DUBAI -- It was a contrast impossible to miss. As Tiger Woods played a game with which he is not familiar, Rory McIlroy was simultaneously asserting his increasingly clear superiority over what currently passes for his competition. Although only half a world apart -- one in Scottsdale, the other in Dubai -- the two biggest names in golf were metaphorically on different planets.
The same sort of intergalactic banishment was the collective fate of those in McIlroy's lengthy slipstream at the Omega Dubai Desert Classic. Four tours of the Emirates Course saw him reach 22 under par and finish three strokes clear of the runner-up, Swede Alex Noren. As a measure of the 25-year old Irishman's now prolonged level of high performance, 18 of his last 49 competitive rounds have added up to 66 or better. His last seven finishes on the European Tour: First. First. First. Second. Second. Second. First.
"He's playing a different game from the rest of them," says former BMW PGA champion Tony Johnstone, who now commentates for Sky Sports in the UK. "When Tiger was at his peak he could play at maybe 70 percent of his capability and still win. Rory has reached that level too. And when he plays close to 100 percent, it is 'goodnight boys.' He is hitting shots so good we don't have enough superlatives to adequately describe them for the viewers."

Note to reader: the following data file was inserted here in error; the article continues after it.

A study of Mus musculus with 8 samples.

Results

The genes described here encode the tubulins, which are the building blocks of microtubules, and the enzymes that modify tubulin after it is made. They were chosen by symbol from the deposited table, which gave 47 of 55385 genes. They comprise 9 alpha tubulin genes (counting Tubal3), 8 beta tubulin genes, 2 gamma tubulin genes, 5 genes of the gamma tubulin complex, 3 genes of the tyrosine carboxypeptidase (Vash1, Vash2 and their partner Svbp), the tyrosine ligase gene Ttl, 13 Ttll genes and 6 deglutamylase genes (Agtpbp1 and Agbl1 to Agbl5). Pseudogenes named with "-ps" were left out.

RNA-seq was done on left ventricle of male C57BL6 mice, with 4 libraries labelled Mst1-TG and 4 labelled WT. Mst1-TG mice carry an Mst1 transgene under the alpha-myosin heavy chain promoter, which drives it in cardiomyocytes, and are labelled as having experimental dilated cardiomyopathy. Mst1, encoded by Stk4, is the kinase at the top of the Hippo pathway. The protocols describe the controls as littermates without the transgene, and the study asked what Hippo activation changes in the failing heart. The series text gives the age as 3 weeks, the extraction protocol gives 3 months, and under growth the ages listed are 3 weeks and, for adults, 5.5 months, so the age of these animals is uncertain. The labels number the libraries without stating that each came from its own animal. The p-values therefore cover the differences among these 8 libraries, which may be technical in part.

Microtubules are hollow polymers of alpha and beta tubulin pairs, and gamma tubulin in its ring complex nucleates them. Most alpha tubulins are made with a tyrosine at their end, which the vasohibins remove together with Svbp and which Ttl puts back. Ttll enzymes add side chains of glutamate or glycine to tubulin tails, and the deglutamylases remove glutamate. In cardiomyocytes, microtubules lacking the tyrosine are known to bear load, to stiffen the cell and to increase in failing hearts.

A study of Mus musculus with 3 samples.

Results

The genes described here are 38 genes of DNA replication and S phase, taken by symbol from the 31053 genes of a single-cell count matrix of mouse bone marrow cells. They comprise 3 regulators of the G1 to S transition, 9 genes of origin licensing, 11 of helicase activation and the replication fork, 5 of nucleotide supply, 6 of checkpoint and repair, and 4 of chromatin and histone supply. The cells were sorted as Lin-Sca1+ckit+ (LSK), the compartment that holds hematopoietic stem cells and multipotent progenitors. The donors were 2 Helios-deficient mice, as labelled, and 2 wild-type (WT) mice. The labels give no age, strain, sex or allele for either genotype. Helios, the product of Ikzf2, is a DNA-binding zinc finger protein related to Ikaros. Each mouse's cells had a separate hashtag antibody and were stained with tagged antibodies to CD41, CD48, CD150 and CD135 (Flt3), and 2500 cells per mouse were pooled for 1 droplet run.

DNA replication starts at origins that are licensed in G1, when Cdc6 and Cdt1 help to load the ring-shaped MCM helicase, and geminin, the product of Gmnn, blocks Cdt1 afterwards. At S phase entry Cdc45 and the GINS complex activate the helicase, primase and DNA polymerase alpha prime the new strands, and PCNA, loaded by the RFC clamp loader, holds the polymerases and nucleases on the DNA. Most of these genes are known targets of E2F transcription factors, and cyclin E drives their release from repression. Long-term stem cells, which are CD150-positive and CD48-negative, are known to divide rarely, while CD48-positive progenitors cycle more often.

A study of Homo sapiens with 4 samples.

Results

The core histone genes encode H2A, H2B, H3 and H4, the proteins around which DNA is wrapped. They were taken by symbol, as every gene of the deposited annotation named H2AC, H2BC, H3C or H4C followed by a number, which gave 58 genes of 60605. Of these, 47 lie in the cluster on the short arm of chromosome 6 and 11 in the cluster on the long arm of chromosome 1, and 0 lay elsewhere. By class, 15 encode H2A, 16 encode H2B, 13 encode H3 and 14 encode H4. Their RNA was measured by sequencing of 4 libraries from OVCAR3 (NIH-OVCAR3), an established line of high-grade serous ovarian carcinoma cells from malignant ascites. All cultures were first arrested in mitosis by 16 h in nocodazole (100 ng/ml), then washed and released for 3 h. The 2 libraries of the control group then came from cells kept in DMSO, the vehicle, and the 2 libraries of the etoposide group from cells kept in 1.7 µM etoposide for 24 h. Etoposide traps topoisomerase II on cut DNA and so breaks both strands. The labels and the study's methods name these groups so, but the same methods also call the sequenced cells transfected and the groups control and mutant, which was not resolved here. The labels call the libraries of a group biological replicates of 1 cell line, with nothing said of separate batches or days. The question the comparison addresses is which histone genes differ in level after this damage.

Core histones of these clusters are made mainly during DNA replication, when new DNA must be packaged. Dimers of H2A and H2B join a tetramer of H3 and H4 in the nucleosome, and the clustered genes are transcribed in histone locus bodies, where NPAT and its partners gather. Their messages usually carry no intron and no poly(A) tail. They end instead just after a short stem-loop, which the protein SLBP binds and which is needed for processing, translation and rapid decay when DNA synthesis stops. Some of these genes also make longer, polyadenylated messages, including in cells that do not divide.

Such hyperbole is hardly misplaced. Having emerged towards the end of what history will surely label "the Tiger-years," McIlroy is fast creating his own eponymous era. Already it can be argued he is perhaps the best driver of a golf ball the game has yet seen. Tee-shots that routinely travel 350-yards and finish on short grass represent a potent coupling of distance and accuracy.
"I'd just finished my second round here when someone told me Rory hit his drive on the second hole (351-yards) 12 feet from the pin," says former Ryder Cup player Oliver Wilson. "I had to laugh. I hit my best drive on that hole and still had 50-yards to the flag."
Via Twitter, former Ryder Cup player Edoardo Molinari described McIlroy's drive off the 6th tee in the final round as "simply insane!!!"
There's more to all of this than just natural talent though.
"Technically, Rory is really, really good," points out leading swing coach Pete Cowen, who works with, among others, former US Open champion Graeme McDowell and world number two Henrik Stenson. "That's why he hits his drives so far and so straight. But the key to Rory's swing is balance. He couldn't swing the club as fast as he does without great balance."
One dark cloud is currently floating over McIlroy's head. Only two days removed from his tenth European Tour victory, his presence is required in Dublin's High Court. Indeed, the way things are shaping up on and off the course, the legal action against his former management company, Horizon Sports, might be McIlroy's most hard-fought contest of 2015.